Overview of attention for book
Cover of 'Sex and Gender Factors Affecting Metabolic Homeostasis, Diabetes and Obesity'

Table of Contents

  1. Altmetric Badge
    Book Overview
  2. Altmetric Badge
    Chapter 1 Epidemiology of Gender Differences in Diabetes and Obesity
  28. Altmetric Badge
    Chapter 27 Sex, Gender, and Transgender: Metabolic Impact of Cross Hormone Therapy
Attention for Chapter 9: Sex Differences in Muscle Wasting

  • In the top 25% of all research outputs scored by Altmetric
  • High Attention Score compared to outputs of the same age (82nd percentile)
  • High Attention Score compared to outputs of the same age and source (89th percentile)


Citations

Sex Differences in Muscle Wasting
Chapter number 9
Book title
Sex and Gender Factors Affecting Metabolic Homeostasis, Diabetes and Obesity
Published in
Advances in experimental medicine and biology, January 2017
DOI 10.1007/978-3-319-70178-3_9
Pubmed ID
Book ISBNs
978-3-31-970177-6, 978-3-31-970178-3
Authors

Lindsey J. Anderson, Haiming Liu, Jose M. Garcia

Abstract

With aging and other muscle wasting diseases, men and women undergo similar pathological changes in skeletal muscle: increased inflammation, enhanced oxidative stress, mitochondrial dysfunction, satellite cell senescence, elevated apoptosis and proteasome activity, and suppressed protein synthesis and myocyte regeneration. Decreased food intake and physical activity also indirectly contribute to muscle wasting. Sex hormones also play important roles in maintaining skeletal muscle homeostasis. Testosterone is a potent anabolic factor promoting muscle protein synthesis and muscular regeneration. Estrogens have a protective effect on skeletal muscle by attenuating inflammation; however, the mechanisms of estrogen action in skeletal muscle are less well characterized than those of testosterone. Age- and/or disease-induced alterations in sex hormones are major contributors to muscle wasting. Hence, men and women may respond differently to catabolic conditions because of their hormonal profiles. Here we review the similarities and differences between men and women with common wasting conditions including sarcopenia and cachexia due to cancer, end-stage renal disease/chronic kidney disease, liver disease, chronic heart failure, and chronic obstructive pulmonary disease based on the literature in clinical studies. In addition, the responses in men and women to the commonly used therapeutic agents and their efficacy to improve muscle mass and function are also reviewed.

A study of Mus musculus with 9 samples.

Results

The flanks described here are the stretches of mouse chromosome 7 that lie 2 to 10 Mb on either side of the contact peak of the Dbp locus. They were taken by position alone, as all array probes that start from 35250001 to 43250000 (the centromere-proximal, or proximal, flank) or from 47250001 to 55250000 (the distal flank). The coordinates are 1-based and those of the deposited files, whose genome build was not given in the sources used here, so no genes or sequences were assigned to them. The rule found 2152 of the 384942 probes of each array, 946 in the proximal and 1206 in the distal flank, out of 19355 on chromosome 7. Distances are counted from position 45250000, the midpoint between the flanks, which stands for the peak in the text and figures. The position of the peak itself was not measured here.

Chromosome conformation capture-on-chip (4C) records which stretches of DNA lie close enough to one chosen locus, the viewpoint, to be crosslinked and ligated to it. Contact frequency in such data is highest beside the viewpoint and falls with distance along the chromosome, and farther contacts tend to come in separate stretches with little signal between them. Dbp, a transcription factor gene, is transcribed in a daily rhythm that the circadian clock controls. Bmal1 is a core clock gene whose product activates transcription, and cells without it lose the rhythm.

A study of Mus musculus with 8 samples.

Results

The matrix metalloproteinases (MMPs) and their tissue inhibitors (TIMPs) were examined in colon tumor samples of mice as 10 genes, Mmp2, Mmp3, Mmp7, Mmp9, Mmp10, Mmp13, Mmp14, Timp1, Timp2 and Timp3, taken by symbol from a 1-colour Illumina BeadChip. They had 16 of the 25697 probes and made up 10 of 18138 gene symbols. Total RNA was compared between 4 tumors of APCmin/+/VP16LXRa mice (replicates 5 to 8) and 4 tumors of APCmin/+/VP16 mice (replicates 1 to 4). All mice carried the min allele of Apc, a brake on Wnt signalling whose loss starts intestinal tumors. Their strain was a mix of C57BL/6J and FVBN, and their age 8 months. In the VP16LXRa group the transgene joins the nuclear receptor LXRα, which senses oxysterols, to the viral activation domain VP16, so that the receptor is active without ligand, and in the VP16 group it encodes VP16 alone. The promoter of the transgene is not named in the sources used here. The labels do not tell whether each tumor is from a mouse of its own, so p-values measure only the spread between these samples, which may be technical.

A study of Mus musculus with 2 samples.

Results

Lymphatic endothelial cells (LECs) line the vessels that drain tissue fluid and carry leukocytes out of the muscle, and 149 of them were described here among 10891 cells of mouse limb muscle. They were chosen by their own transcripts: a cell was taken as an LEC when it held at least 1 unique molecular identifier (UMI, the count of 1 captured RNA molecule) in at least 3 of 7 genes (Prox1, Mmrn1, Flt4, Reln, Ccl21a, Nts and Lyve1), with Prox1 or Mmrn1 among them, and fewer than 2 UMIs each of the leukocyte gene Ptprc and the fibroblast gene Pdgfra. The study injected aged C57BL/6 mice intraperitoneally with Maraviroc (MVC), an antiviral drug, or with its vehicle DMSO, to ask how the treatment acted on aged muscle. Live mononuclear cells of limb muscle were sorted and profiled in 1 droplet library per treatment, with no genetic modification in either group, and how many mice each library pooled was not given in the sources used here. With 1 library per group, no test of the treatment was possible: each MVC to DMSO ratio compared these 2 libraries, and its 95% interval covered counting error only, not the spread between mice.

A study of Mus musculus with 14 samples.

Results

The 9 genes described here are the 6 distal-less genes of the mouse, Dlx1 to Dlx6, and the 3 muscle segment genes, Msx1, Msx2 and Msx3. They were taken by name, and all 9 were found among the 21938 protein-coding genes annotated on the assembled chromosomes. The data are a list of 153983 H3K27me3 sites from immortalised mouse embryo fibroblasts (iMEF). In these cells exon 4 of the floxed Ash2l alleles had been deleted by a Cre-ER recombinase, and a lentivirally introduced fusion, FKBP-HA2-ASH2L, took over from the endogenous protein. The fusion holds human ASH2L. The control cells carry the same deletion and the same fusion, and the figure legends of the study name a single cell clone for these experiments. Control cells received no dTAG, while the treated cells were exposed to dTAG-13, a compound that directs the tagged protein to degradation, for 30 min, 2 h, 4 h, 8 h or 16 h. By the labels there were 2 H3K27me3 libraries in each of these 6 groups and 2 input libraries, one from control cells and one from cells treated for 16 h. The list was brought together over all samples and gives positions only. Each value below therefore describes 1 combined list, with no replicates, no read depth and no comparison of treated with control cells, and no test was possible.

X Demographics

X Demographics


Mendeley readers

The data shown below were compiled from readership statistics for 226 Mendeley readers of this research output. Click here to see the associated Mendeley record.

Geographical breakdown

Country Count As %
Unknown 226 100%

Demographic breakdown

Readers by professional status Count As %
Student > Master 28 12%
Researcher 27 12%
Student > Bachelor 27 12%
Student > Ph. D. Student 25 11%
Student > Postgraduate 13 6%
Other 37 16%
Unknown 69 31%
Readers by discipline Count As %
Medicine and Dentistry 56 25%
Nursing and Health Professions 26 12%
Biochemistry, Genetics and Molecular Biology 15 7%
Sports and Recreations 13 6%
Agricultural and Biological Sciences 12 5%
Other 29 13%
Unknown 75 33%
Attention Score in Context

Attention Score in Context

This research output has an Altmetric Attention Score of 9. This is our high-level measure of the quality and quantity of online attention that it has received. This Attention Score, as well as the ranking and number of research outputs shown below, was calculated when the research output was last mentioned on 13 December 2017.
All research outputs
#3,897,665
of 24,176,645 outputs
Outputs from Advances in experimental medicine and biology
#639
of 5,166 outputs
Outputs of similar age
#74,132
of 428,498 outputs
Outputs of similar age from Advances in experimental medicine and biology
#55
of 493 outputs
Altmetric has tracked 24,176,645 research outputs across all sources so far. Compared to these this one has done well and is in the 83rd percentile: it's in the top 25% of all research outputs ever tracked by Altmetric.
So far Altmetric has tracked 5,166 research outputs from this source. They typically receive a little more attention than average, with a mean Attention Score of 6.6. This one has done well, scoring higher than 87% of its peers.
Older research outputs will score higher simply because they've had more time to accumulate mentions. To account for age we can compare this Altmetric Attention Score to the 428,498 tracked outputs that were published within six weeks on either side of this one in any source. This one has done well, scoring higher than 82% of its contemporaries.
We're also able to compare this research output to 493 others from the same source and published within six weeks on either side of this one. This one has done well, scoring higher than 89% of its contemporaries.